The Smart Aleck – Christiane Friedericka Geiger

As I continue to work on cleaning up my tree and source citations, I will continue to transcribe write-ups for certain ancestors covered by Great-Aunt Eileen in The Smart Aleck. I have transcribed the articles for Charles Aleck, his father, Xaver, and grandfather, Lorenz. So let’s see what Eileen had on Charles’ wife, Christiane Friedericka Geiger.

Christiane was born on 9 July 1839 in Cannstatt, Wuerttemburg, Germany to Joseph Friedrich Geiger and Christiane Magdalene Eisele. In 1854, fifteen-year-old Christiane emigrated from Germany to America with her parents and sister. It took six weeks for the sailing vessel to cross the Atlantic Ocean. They settled in Philadelphia, Pennsylvania where her father resumed his trade as a master baker. Christiane and her sister supplemented the family income by working as domestic help in the fine homes around the City.

The same year she arrived in America, she must have met Xaver who had only recently arrived in Philadelphia himself following his brief sojourn in New York. Xaver had heard of some cheap land out West and set plans in motion to provide for a future family. He had applied for his citizenship in July of 1854 and saved up money working in his old-world trade as a tailor. In March of 1855, he felt he had saved enough money and said goodbye to Christiane, boarded a train to anywhere (starting in Chicago), and went looking for a future home.

It took Xaver two to three years to find land of his choosing in Iowa, clear it, and build a rudimentary home for his future bride. In 1858, he returned to Philadelphia and filed his final papers for citizenship the following year. But before she would marry him, Christiane insisted he take not only her, but her family to Iowa, and so he did. Christiane married Xaver on 18 February 1860 in Philadelphia, Pennsylvania.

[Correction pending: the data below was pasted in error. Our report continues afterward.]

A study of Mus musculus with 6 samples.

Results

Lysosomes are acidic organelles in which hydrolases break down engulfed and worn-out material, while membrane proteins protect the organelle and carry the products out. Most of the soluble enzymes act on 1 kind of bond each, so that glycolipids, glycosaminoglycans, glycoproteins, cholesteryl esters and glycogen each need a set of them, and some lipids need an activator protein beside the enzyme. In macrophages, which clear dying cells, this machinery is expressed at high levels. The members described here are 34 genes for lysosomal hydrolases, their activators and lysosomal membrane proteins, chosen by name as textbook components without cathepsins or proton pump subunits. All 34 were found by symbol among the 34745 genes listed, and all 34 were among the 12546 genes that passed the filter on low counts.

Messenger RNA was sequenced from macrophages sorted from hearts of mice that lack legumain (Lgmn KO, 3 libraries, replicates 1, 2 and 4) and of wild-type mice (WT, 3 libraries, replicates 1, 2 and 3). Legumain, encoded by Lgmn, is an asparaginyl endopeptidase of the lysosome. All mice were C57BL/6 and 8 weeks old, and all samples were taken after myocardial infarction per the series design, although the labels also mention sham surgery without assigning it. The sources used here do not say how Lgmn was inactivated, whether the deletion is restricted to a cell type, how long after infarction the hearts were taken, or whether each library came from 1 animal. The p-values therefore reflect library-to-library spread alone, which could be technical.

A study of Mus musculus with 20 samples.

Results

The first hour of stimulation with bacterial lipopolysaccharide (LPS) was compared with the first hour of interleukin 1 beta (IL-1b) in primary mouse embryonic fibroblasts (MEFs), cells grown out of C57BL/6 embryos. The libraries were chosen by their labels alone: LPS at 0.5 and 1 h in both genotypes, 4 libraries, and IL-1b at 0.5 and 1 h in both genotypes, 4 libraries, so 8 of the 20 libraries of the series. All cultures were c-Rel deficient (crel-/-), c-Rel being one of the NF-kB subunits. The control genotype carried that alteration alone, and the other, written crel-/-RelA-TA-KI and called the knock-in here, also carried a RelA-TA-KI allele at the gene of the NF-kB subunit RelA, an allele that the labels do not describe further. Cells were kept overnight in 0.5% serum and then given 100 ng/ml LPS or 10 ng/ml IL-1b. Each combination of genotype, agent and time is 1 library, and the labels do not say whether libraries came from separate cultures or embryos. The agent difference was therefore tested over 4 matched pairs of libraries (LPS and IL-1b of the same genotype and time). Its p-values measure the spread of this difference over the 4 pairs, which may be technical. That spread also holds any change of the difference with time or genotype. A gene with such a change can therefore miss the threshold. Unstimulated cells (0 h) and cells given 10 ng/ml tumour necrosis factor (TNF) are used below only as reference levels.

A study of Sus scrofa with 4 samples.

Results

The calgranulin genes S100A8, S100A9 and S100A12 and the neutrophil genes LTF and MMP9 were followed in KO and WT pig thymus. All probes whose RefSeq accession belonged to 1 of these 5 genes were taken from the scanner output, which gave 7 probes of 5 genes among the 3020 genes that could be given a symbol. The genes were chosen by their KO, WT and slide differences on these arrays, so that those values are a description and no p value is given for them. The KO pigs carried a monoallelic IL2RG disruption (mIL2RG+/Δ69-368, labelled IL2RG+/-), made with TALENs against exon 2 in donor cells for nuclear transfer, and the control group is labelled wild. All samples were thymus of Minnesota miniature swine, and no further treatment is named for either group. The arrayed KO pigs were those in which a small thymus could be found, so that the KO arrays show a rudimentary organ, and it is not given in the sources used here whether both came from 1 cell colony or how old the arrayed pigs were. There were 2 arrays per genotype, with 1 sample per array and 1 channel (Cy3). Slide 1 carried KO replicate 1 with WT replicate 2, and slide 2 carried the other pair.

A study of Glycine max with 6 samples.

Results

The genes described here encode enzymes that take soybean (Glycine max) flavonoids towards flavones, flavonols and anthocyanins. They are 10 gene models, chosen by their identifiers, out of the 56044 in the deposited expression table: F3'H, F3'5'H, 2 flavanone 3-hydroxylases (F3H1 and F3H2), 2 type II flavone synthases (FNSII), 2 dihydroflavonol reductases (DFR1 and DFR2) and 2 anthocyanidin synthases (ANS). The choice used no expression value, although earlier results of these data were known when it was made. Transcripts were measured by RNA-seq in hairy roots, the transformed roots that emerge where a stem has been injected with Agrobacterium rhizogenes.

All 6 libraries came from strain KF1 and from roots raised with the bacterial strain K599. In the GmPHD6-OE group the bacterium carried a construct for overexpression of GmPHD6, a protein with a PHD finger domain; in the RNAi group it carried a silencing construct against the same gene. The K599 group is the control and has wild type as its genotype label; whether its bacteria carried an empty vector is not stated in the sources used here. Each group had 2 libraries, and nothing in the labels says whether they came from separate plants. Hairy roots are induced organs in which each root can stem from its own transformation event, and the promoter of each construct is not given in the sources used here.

Photocopy image of their wedding picture from The Smart Aleck digitally available on FamilySearch.org. Three original copies are in the possession of my father, uncle, and aunt.

From Xaver’s writeup: George Aleck, Xaver’s brother, and Johann Geiger, Christiane’s uncle, were witnesses. They had a fine wedding picture made and sent it back to Xaver’s mother, Agatha. Christiane was a small thin woman, her dark hair parted in the middle and drawn back into a bun. Her dress was black silk with long sleeves, a full pleated skirt, a white lace one, and a black tie at the neck. Xaver wore a long coat, white shirt with a high stiff collar, and a wide bow tie. The vest was piped in satin and the trousers were pin-striped with dark horizontal stripes. He is holding her left hand with the wedding ring in his right hand ready to slip it o Christiane’s finger. His long dark hair, receding at the temples, comes to the center of his ears. He is wearing side-burns, a mustache, and a beard. He would look very much in style in the 1980s [when The Smart Aleck was published].

Eileen doesn’t record when they made it back to Xaver’s homestead in Iowa, so I assume it was within the year of marriage and that their first of many children were born in Iowa. Together they had twelve children, Charles being the eighth.

By what accounts we have for review, Xaver and Christiane lived a very fulfilling life together. Christiane lost Xaver on 28 June 1903. Christiane just fell apart. She could not cope by herself. Xaver had always told her what to do. She was taken to St. Bernard’s Hospital in Council Bluffs where she died on 3 December 1903 in Council Bluffs, Pottawattamie County, Iowa of heart failure, and is buried in the Logan Cemetery in Logan, Iowa.